Ez 6:7,8,12,14-20; Ps 122:1-5; Lk 8:19-21
Could there be greater rejoicing? After generations of exile without the freedom to celebrate their identity as the chosen people Israel, at long last they hear the invitation to go up to the house of the LORD. Even as the news reaches each heart, already, they have set foot within the gates of Jerusalem. More important than the strength of each faith filled family in exile is their unity as the tribes of the LORD. Their jubilation arises from their compact unity in the city of David. Finally, they are able to fulfill the decree for Israel and make a sacrifice of thanks to the Name above every other name. Finally, they are able to sit upon judgment seats and discern between the ways of the nations and the ways of the LORD. Another Persian King, Darius, issues a royal command, “Let the governor and the elders of the Jews continue the work on that house of God; they are to rebuild it on its former site.” The LORD speaks through his pagan servant, and his will is accomplished. Crowds gather around the Lord Jesus in our Gospel, and we rejoice that his heart expands to welcome into his family all who hear the word of God.
Generations of exile could not destroy the longing for the courts of the LORD. While in exile their captors could not replace the word of the LORD in the hearts of his people Israel. They continued to meditate and pray through the Torah and the Prophets during their years in Babylon. This heartfelt longing, for an identity beyond that of captives, set them free in spirit and truth. Such is the power of prayer. Even when the local officials of the new empire of the Persians resisted their building of the temple, the new king Darius commanded the fulfillment of the will of his predecessor, King Cyrus. The will of the LORD would be accomplished despite the objections of the local governor and his minions. When finally they completed construction of the house of the LORD, the returned exiles could not contain the rejoicing. In sacrifice the priests and Levites offered hundreds of bulls, rams, lambs and twelve he-goats as a sin-offering for all Israel. In fulfillment of the prescriptions of the book of Moses, the exiles kept the Passover. They purified themselves by the blood of their sacrifices in the house of the LORD. Now their identity was public. Now their unity was complete. Now they could live in the freedom of the children of God. This is our joy every time we gather here to celebrate the New Covenant in the Blood of the Lamb. Can there be any greater rejoicing?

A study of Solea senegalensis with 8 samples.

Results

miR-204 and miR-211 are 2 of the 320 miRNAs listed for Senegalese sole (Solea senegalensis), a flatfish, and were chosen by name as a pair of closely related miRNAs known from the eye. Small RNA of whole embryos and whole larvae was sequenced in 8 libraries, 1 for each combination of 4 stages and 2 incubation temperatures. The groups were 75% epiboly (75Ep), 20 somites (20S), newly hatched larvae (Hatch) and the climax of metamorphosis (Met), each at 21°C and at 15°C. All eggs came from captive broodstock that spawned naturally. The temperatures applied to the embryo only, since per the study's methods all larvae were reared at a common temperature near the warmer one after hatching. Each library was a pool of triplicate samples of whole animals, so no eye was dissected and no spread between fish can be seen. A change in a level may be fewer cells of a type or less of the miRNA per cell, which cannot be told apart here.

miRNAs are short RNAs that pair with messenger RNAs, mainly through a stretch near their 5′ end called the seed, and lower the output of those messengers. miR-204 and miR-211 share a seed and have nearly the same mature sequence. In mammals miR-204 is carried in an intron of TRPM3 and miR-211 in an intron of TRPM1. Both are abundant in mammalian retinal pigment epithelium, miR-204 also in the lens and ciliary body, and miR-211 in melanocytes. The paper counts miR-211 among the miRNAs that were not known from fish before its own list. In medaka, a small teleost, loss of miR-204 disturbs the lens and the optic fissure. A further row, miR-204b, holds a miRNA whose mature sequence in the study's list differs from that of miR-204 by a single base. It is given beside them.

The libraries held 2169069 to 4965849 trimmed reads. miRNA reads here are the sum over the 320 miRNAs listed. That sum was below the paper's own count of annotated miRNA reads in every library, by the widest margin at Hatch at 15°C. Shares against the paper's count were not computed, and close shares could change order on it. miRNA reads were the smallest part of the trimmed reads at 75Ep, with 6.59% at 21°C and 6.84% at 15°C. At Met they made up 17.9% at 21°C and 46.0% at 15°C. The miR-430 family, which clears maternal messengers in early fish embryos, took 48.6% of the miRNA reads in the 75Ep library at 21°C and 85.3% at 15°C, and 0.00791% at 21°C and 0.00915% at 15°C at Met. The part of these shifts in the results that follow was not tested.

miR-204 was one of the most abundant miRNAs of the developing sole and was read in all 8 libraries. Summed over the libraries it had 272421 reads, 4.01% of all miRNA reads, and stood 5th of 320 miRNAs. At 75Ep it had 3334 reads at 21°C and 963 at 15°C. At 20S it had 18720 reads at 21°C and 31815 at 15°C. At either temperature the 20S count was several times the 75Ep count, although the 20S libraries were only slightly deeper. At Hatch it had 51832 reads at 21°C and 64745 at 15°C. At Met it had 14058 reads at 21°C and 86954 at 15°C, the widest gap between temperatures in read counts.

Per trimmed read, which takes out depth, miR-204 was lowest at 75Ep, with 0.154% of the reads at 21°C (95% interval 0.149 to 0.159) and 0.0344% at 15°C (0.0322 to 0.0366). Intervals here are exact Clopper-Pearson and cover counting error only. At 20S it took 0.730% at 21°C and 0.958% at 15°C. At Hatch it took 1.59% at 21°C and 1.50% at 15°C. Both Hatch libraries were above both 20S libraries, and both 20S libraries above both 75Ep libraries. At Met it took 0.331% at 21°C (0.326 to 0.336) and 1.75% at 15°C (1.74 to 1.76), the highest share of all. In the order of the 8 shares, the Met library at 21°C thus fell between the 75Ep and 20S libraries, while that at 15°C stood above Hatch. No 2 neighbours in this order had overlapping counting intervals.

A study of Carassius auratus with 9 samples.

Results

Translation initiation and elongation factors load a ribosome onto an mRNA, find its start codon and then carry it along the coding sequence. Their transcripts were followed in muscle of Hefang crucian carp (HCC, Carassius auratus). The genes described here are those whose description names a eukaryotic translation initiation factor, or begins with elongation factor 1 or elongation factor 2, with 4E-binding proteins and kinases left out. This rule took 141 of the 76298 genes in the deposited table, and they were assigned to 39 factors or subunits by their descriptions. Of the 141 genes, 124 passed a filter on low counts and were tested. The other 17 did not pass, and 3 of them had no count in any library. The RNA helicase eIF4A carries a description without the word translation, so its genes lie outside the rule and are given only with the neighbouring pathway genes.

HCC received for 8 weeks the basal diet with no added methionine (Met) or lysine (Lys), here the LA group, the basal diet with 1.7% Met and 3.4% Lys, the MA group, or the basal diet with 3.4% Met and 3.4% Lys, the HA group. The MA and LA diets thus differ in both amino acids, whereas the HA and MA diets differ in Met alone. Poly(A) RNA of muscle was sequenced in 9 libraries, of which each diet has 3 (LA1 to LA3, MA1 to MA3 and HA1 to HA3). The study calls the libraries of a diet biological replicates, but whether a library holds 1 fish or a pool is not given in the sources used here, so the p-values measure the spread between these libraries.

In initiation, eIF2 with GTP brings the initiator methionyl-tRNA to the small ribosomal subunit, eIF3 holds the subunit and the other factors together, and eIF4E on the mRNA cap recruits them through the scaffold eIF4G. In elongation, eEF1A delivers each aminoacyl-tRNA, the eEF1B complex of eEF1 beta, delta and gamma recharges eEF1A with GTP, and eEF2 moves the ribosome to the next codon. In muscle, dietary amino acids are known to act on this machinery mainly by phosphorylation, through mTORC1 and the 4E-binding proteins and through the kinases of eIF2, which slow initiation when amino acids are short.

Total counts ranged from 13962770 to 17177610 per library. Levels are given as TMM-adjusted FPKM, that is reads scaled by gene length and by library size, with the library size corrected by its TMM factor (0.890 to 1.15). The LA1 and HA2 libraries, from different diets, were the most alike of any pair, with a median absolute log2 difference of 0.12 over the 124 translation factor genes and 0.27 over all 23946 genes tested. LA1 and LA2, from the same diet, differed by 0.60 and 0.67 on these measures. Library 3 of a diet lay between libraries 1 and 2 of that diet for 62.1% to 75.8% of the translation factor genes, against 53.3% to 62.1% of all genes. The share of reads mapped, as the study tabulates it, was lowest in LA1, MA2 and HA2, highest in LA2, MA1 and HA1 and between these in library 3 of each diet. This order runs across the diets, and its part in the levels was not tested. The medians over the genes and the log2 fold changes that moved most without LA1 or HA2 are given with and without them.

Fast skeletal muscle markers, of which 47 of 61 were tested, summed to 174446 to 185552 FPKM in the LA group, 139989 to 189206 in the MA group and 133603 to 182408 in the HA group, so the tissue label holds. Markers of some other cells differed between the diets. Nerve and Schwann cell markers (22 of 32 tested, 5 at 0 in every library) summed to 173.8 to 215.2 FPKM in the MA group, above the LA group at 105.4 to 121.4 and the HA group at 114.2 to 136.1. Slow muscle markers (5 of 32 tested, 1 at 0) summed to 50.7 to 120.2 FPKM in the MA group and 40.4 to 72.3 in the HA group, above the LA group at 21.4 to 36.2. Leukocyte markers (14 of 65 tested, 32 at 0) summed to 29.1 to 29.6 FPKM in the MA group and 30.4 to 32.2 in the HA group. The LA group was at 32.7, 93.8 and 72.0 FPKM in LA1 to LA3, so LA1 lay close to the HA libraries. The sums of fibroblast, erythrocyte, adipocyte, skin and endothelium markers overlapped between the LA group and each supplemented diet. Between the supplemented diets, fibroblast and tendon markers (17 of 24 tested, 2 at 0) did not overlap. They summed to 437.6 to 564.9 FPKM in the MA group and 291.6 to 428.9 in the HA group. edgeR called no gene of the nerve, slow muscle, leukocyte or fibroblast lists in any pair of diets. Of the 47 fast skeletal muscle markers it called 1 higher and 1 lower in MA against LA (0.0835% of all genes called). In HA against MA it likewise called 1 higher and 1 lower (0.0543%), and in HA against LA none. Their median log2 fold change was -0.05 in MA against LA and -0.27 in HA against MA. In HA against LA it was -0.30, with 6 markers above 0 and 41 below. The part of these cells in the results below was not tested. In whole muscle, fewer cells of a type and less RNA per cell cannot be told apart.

Our hearts yearn and long for just such a unity. We need this kind of rejoicing and public worship to know who we are and why we live a life of sacrifice. Why do we listen and surrender to the word of the LORD each day? Why do we seek to be near the word of the LORD made flesh and blood in the Savior? Why do we strive daily to live as brothers and sisters in Christ? The simple story found in Saint Luke’s gospel today answers these all too important questions. The Mother of the Lord and his family wanted to be close to the Lord Jesus. The crowds made such closeness impossible. The Lord Jesus was told that his natural family wanted to see him. “He said to them in reply, ‘My mother and my brothers are those who hear the word of God and act on it.’” In this response we can find our reason for rejoicing. In this word of the LORD we hear the truth of who we are. When we hear and act on what we hear, we are the family of the Lord Jesus. We are brothers and sisters of Christ the Great High Priest; we offer with him the acceptable sacrifice that brings salvation to the whole world. We are one with the Theotokos, the Mother of God, who bears within her heart and within her womb the very living Word of God for all the nations to hear. Such is the good news of our identity. Can there be any greater rejoicing than here in the house of the LORD?